Foils, foils and more foils. Foils were the centerpiece of attention for two very interesting small catamarans on display at the 2015 Annapolis Sailboat Show.
The Nacra 15 junior catamaran was the first cat that I stumbled upon as I wandered the show, sitting next to the Melges 14. It had all the bells and whistles of the modern cat, double trapeze, square-top rig, assymetric spinnaker with tube launcher though what stood out were some nifty foils usually not seen on a production catamaran. The problem with the high aspect, tall rigs of the modern cats is that, when married to a short hull, they pitchpole spectacularly. To work around this problem the designers of the Nacra 15 have fitted curved daggerboards and anti-diving winglets on the rudder. The curved daggerboard provides upward lift when fully down. This unweights the leeward hull and keeps the bow out. The anti-diving winglets on the rudder take over when the pitch angle starts to go negative, applying force to hold the stern down. Despite just a couple of production prototypes sailing in the fall of 2015 the Nacra 15 impressed ISAF enough to be named their official junior catamaran in December, 2015.
If I was marketing director over at Nacra I wouldn't keep this platform only for junior sailing. What about offering a second, smaller rig with only a single trapeze and making a detuned Nacra 15 class targeted for couples?
More about the Nacra 15 here.
In this photo is one of the curved daggerboards. Also the entire deck between the beams is covered in SUP anti-slip foam.
The small rudder winglets.
Promotional video of the Nacra 15 at speed.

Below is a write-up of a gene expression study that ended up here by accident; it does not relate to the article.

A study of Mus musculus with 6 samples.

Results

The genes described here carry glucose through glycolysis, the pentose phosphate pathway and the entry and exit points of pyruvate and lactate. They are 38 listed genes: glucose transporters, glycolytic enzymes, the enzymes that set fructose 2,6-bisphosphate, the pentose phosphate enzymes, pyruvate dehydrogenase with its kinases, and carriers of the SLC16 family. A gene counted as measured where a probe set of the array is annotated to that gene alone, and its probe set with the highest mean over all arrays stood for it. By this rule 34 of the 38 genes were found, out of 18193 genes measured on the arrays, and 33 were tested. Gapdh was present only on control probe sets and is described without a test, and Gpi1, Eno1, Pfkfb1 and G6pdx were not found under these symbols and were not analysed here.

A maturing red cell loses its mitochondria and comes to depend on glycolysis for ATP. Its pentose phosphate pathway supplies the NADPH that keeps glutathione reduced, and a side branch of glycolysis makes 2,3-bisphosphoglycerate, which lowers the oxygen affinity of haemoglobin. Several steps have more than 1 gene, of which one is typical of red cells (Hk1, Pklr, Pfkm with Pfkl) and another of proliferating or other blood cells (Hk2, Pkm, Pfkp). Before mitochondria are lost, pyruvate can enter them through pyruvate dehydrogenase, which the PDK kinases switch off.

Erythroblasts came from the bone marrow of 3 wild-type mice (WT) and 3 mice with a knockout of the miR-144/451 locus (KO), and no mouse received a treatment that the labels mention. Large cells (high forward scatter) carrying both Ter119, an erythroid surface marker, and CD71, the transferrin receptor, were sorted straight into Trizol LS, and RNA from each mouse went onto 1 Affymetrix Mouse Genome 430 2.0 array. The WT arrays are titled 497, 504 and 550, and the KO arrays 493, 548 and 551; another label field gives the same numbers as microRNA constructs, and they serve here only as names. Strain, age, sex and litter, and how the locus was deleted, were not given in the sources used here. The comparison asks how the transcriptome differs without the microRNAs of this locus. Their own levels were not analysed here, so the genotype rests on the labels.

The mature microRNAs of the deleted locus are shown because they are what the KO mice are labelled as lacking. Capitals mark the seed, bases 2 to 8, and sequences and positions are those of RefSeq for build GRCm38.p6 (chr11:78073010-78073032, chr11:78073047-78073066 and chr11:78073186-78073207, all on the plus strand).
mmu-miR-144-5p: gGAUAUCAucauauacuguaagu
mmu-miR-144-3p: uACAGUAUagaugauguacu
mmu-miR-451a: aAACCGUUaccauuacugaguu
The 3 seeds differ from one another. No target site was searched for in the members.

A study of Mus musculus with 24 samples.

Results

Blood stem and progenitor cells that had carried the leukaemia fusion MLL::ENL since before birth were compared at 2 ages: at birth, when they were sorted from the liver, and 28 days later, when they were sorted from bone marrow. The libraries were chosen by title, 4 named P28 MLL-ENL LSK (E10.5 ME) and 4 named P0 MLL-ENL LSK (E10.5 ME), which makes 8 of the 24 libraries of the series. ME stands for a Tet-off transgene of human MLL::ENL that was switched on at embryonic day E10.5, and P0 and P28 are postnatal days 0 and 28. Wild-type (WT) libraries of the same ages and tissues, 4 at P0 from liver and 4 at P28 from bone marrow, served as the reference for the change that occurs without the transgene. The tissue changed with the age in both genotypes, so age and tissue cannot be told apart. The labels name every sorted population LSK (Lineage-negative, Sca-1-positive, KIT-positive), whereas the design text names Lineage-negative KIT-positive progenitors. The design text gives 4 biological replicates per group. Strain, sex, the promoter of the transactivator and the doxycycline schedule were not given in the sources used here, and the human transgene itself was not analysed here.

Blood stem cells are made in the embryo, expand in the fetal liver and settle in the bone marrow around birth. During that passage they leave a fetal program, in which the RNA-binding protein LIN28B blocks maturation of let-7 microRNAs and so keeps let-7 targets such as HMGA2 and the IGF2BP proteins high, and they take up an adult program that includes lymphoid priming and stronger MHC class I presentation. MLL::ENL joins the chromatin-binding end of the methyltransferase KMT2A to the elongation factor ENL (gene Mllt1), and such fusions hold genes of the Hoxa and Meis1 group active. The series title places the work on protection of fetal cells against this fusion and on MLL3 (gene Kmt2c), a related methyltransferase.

The second catamaran to catch the eye was the spectacular, all carbon, foiling 5.4 meter/17.7 feet Whisper from England. The platform weighs just 78 kg. The moldings and fine detail work was exquisite. The foils are typical to what is used on the International Moth, T-foils up forward, controlled by a wand, and a T-foil on the rudder. I didn't hang around long enough to get an explanation on how it is all adjusted but I did have a short conversation with Robb White, the builder. He said the foils were designed for early lift-off (more area), and not ultimate speed.
Only $30,000 USD if you have a burning desire to be the fastest one on the river (and if you have the time and crew to learn how to sail her).
More info on Whisper by clicking here.
Yachting World's Matthew Sheehan put out this video on his sail test of the Whisper foiling cat. At the end of the video, Matthew, like many in the media, feel that foiling will take over the sport. I, on the other hand, feel foiling will always remain an enthusiasts niche - not one for the general sailing population.